Honey and Glow is spreading messages of strength

Subin Park
March 18, 2021
Est. Reading Time: 3 minutes

Alex Moore-Gibson is raising money and awareness for breast cancer through her lifestyle brand

C/O Honey and Glow

When Alex Moore-Gibson opened Honey and Glow to sell her handmade and sustainable bath, body and home products seven years ago, it mainly served as an outlet to unleash her creative energy. Today, it has turned into something greater than just health and beauty. It encompasses messages of women empowerment, community and breast cancer awareness.

Growing up with problematic and sensitive skin, Moore-Gibson had trouble finding products that were both gentle and effective enough to meet her skin’s needs. To address this problem, she began making her own bath and body products using DIY kits her mother bought her. She continued this hobby all throughout high school and university.

After much encouragement from family and friends who received her handmade products as gifts, she opened Honey and Glow as a passion project aside from her regular day job as a teacher. She currently sells lip balm, sugar scrubs, loose-leaf teas and beeswax food wraps.

In 2019, Moore-Gibson temporarily closed the shop to welcome her second son. As Honey and Glow was growing rapidly, it became overwhelming to balance her day job and raise her two sons all the while maintaining Honey and Glow. During her break, at the age of 34, she was also diagnosed with Stage 3 breast cancer.

Last year, during the peak of the COVID-19 pandemic, she underwent a mastectomy and began chemotherapy and radiation. Although these were some of the most brutal and darkest times, once she regained her energy, she needed Honey and Glow to relieve her suppressed creative spirit and find new direction and purpose as she finished up her treatment journey.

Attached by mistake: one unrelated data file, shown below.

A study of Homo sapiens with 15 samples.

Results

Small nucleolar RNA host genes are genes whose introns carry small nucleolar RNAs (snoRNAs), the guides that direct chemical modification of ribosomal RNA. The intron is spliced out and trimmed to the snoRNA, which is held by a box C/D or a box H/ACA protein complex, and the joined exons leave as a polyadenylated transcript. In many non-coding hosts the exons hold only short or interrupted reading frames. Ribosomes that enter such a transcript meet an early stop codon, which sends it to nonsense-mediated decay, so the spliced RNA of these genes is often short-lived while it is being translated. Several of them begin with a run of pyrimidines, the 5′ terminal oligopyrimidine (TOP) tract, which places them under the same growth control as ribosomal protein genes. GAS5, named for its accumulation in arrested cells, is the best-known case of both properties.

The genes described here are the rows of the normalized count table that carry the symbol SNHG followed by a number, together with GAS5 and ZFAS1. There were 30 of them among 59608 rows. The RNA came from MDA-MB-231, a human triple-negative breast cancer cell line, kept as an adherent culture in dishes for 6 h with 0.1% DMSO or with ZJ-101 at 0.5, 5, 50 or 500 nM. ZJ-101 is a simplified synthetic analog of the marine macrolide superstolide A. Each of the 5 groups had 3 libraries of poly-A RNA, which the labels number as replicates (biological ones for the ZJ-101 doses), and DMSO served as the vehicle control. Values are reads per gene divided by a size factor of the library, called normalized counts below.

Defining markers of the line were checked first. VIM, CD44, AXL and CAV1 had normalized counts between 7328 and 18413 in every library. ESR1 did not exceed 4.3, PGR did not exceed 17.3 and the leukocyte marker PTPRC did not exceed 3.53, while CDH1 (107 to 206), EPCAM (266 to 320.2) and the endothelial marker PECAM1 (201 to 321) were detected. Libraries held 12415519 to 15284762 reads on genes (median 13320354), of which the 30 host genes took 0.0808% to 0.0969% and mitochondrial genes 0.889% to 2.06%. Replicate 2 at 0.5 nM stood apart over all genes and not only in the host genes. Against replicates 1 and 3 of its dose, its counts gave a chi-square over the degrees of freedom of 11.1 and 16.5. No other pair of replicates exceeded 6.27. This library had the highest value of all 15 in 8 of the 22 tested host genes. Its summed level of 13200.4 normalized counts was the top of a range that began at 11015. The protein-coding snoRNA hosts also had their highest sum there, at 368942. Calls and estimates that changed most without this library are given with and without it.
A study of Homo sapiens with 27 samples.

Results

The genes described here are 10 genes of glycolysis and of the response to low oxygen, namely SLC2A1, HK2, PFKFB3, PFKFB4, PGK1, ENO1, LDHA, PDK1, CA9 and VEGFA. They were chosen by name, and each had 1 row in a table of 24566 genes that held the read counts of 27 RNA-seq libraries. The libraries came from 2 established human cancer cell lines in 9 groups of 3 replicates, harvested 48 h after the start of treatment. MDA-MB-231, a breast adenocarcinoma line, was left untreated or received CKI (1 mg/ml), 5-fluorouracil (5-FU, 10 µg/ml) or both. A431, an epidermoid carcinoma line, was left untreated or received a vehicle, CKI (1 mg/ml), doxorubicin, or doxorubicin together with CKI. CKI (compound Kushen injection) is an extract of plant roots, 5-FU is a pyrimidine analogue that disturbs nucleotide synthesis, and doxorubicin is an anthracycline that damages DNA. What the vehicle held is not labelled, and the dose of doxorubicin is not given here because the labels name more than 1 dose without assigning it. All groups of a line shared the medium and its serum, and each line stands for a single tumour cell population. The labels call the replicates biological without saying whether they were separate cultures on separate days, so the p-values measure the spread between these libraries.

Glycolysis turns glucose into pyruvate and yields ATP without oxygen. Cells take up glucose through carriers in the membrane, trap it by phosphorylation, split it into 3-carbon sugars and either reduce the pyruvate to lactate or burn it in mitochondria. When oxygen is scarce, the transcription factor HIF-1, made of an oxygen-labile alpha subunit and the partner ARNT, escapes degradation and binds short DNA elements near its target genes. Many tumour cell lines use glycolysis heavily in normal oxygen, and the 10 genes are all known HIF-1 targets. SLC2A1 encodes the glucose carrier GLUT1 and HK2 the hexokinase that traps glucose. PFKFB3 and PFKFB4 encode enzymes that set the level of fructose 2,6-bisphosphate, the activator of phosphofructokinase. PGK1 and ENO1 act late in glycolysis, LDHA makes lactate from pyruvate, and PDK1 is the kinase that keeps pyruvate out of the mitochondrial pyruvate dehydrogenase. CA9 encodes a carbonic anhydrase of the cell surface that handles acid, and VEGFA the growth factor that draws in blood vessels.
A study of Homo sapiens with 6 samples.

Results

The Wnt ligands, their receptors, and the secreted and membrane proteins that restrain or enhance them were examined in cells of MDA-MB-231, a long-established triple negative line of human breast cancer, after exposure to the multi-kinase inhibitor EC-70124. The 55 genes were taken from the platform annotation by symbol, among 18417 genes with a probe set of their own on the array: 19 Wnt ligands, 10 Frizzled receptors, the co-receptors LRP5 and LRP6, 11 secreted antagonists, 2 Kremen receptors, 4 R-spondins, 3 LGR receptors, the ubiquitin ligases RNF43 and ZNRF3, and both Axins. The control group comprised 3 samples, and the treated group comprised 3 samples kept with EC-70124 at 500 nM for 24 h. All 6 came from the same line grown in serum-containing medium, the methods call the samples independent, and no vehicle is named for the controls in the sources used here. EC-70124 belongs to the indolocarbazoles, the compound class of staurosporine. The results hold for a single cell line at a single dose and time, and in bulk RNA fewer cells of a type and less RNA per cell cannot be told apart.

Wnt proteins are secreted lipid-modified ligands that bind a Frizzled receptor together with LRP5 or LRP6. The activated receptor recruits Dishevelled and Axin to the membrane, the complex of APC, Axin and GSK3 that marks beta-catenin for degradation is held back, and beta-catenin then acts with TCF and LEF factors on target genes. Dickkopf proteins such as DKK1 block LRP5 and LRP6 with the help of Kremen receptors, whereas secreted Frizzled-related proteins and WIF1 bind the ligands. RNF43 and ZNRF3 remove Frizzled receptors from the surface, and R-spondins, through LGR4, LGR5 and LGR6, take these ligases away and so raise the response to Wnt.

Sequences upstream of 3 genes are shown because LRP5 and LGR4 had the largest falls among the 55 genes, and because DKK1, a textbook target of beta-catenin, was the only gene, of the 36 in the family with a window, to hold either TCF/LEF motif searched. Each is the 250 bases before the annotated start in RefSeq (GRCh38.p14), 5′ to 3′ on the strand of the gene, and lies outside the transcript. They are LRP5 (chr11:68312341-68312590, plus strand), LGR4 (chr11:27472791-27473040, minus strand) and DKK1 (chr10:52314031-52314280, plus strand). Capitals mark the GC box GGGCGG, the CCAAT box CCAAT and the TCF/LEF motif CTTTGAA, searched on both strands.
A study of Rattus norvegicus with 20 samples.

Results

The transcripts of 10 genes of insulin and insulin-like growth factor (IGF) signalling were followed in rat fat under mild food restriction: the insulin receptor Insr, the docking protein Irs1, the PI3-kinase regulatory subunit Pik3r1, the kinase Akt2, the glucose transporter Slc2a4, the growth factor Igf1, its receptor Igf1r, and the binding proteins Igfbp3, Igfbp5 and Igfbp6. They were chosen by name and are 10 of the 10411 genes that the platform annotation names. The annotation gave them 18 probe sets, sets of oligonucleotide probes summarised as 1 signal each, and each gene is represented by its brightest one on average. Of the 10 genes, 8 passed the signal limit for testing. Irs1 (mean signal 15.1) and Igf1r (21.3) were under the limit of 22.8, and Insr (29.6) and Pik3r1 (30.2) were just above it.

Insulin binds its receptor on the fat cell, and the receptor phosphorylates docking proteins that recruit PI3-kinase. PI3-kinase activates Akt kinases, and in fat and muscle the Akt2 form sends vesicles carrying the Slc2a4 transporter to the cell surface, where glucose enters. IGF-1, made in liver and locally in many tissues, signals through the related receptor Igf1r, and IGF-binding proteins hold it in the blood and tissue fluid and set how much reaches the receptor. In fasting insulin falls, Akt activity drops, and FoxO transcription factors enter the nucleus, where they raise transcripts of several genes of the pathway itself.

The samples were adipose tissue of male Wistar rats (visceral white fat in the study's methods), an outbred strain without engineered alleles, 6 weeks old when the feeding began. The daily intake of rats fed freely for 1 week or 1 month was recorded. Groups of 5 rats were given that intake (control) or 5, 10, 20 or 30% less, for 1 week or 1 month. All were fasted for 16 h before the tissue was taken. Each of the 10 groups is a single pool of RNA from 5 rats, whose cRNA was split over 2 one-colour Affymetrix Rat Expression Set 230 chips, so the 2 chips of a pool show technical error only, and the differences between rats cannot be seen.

“Once I got through the really dark days and I started to have more energy, I was finding that I had this real energy, creative energy building up inside of me and I didn’t really know how to use it, especially during a pandemic,” said Moore-Gibson. 

Honey and Glow recently reopened and is currently offering curbside pick up, online orders and delivery. 

Moore-Gibson also started to donate a portion of the sales to Rethink Breast Cancer, a Toronto-based foundation focused on empowering women and families living with and affected by breast cancer. The donation is used for breast cancer awareness programs and events, research, resources and community work.

Moore-Gibson chose Rethink Breast Cancer because the stories of other breast cancer patients, survivors and families shared by the foundation served as a source of inspiration and comfort during her most difficult times.

Integrating her personal story in her work for Honey and Glow became very important for Moore-Gibson. Sharing her breast cancer journey has allowed her to connect with customers and supporters at a deeper level and engage in conversations with others affected by breast cancer.

“Even something as simple as the amount of women that have reached out to me being like, “Today is such a dark day and seeing your face and seeing your hair in a headband is giving me hope” makes it feel so worth it. It makes me want to keep going,” explained Moore-Gibson.

However, sharing her story online wasn’t easy. It took much courage and trust to post her vulnerable side on the internet.

“I’ve always had a very private social media account . . . so I was worried about being vulnerable. But I would say the response has been nothing but supportive,” said Moore-Gibson. “Sharing my breast cancer story has given me even more courage to share more and be more involved and to just keep going.”

The brand has become more meaningful and healing in ways that she could have never imagined. Her favourite part of running and growing her business has been being empowered and inspired by other young female entrepreneurs and building new friendships. Her love for her local community of supporters and like-minded small business owners has led her to do many collaborations and giveaway events with local makers and artisans.

From seven years of running Honey and Glow, Moore-Gibson has learned to believe in herself and to take a chance. She encourages others who may be hesitant to pursue their dreams to take their leap of faith.